Date of Award

1-1-2011

Document Type

Campus Access Dissertation

Department

Health Services and Policy Management

First Advisor

Saundra H Glover

Abstract

Objective: This study examines the association of health insurance coverage status and self-reported mental health status within the young adult population of the United States. Additionally, the study determines the prevalence of self-reported psychological distress among the young adult population and among vulnerable sub-groups in the United States. Finally, this study addresses how contextual, individual, and health behavior factors, including health insurance coverage status and life satisfaction are associated with mental health status among young adults within the United States population.

Methods: The estimates in this report were derived from the National Longitudinal Survey of Youth 97, conducted by the Bureau of Labor, Department of Commerce in 2008. Cross-sectional estimates were calculated using the SAS 9.2 statistical package to account for the complex survey design. Descriptive and inferential statistical analysis was conducted on the weighted data.

Results: Within the sample, the estimated prevalence of psychological distress (PD) among young adults within the U.S. population in 2008 was an estimated 11.34%. Those who reported life satisfaction scores of 1 - 5, were more likely to self report PD (COR 14.83; 95% CI, 10.66 - 20.62). The association remained significant in the adjusted analysis. Persons reporting being uninsured (COR 2.04; 95% CI, 1.66 - 2.49) or having partial-year unknown source (COR 2.37; 95% CI, 1.80 - 3.11), or having partial-year government coverage (COR 2.93; 95% CI, 1.84 - 4.67), or classified as full-year government coverage (COR 3.51; 95% CI, 2.74 - 4.50) were more likely to experience PD than full year private coverage. However, the associations were not significant when controlling for covariates. Significant associations were observed between young adults who had military experience, incarceration experience, or were past victims of violent crimes when compared to those who were not in the crude analysis only. Health insurance coverage status generally did not significantly influence young adult's psychological well-being in the study.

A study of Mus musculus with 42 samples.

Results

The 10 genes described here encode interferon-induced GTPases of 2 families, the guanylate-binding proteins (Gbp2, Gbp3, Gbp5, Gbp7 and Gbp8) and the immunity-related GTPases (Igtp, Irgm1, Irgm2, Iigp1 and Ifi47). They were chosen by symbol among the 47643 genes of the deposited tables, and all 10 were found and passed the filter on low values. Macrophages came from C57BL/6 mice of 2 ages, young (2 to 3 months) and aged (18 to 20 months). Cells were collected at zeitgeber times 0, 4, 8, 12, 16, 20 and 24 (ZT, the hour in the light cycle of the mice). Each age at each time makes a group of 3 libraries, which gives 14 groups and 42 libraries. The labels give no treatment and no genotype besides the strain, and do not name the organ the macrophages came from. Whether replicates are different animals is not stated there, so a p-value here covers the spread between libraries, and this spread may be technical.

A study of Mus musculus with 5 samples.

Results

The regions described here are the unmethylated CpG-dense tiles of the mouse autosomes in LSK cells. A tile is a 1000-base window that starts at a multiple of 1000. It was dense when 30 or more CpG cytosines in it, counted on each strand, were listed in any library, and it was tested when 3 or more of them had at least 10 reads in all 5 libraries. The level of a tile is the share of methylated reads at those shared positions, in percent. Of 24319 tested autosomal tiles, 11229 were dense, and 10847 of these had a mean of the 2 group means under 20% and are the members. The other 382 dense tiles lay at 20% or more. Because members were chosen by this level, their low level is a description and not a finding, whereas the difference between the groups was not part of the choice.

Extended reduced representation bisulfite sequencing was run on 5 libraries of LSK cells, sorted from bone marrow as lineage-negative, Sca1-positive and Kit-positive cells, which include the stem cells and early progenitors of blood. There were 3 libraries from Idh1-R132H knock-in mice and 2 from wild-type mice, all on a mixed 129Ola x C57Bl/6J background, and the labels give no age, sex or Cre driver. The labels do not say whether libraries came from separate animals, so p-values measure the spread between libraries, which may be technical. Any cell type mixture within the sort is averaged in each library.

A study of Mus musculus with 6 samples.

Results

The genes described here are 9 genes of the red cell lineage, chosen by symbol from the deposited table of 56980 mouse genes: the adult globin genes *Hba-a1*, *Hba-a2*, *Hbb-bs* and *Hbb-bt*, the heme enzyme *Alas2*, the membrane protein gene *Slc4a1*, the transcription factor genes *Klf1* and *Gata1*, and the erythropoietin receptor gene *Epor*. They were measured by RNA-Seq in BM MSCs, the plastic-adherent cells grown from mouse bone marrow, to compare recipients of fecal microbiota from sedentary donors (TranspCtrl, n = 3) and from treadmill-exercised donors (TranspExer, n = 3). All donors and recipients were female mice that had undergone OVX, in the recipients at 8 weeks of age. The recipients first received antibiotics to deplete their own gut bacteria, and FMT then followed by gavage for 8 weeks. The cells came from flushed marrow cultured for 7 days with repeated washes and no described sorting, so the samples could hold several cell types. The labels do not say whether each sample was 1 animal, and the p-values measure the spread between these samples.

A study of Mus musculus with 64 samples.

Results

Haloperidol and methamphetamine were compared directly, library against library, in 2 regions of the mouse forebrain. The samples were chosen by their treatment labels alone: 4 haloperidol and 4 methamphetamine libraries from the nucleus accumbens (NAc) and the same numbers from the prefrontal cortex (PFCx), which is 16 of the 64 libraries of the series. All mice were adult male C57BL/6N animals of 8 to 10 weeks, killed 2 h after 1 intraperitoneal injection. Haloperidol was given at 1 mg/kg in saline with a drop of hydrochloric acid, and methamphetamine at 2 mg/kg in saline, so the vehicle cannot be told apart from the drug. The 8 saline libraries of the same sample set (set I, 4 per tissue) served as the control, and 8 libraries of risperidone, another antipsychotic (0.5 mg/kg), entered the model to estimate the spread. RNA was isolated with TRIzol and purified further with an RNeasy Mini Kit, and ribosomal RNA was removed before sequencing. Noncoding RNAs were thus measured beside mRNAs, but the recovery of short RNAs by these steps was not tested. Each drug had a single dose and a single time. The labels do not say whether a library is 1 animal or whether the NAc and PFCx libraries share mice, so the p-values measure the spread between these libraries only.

Conclusions: The associations between mental health status and health insurance coverage status may have been strongly influenced by socio-demographic characteristics. Young adults, who reported poorer social health and poorer overall health when examining health insurance coverage status, were more likely to report poorer mental health status. It is important to understand ones mental, social, and physical health, in order to truly detail one's comprehensive health. Integration of mental health screening, screening for social health and the implementation of health care reform may help to improve mental health outcomes among young adults, especially the disadvantaged.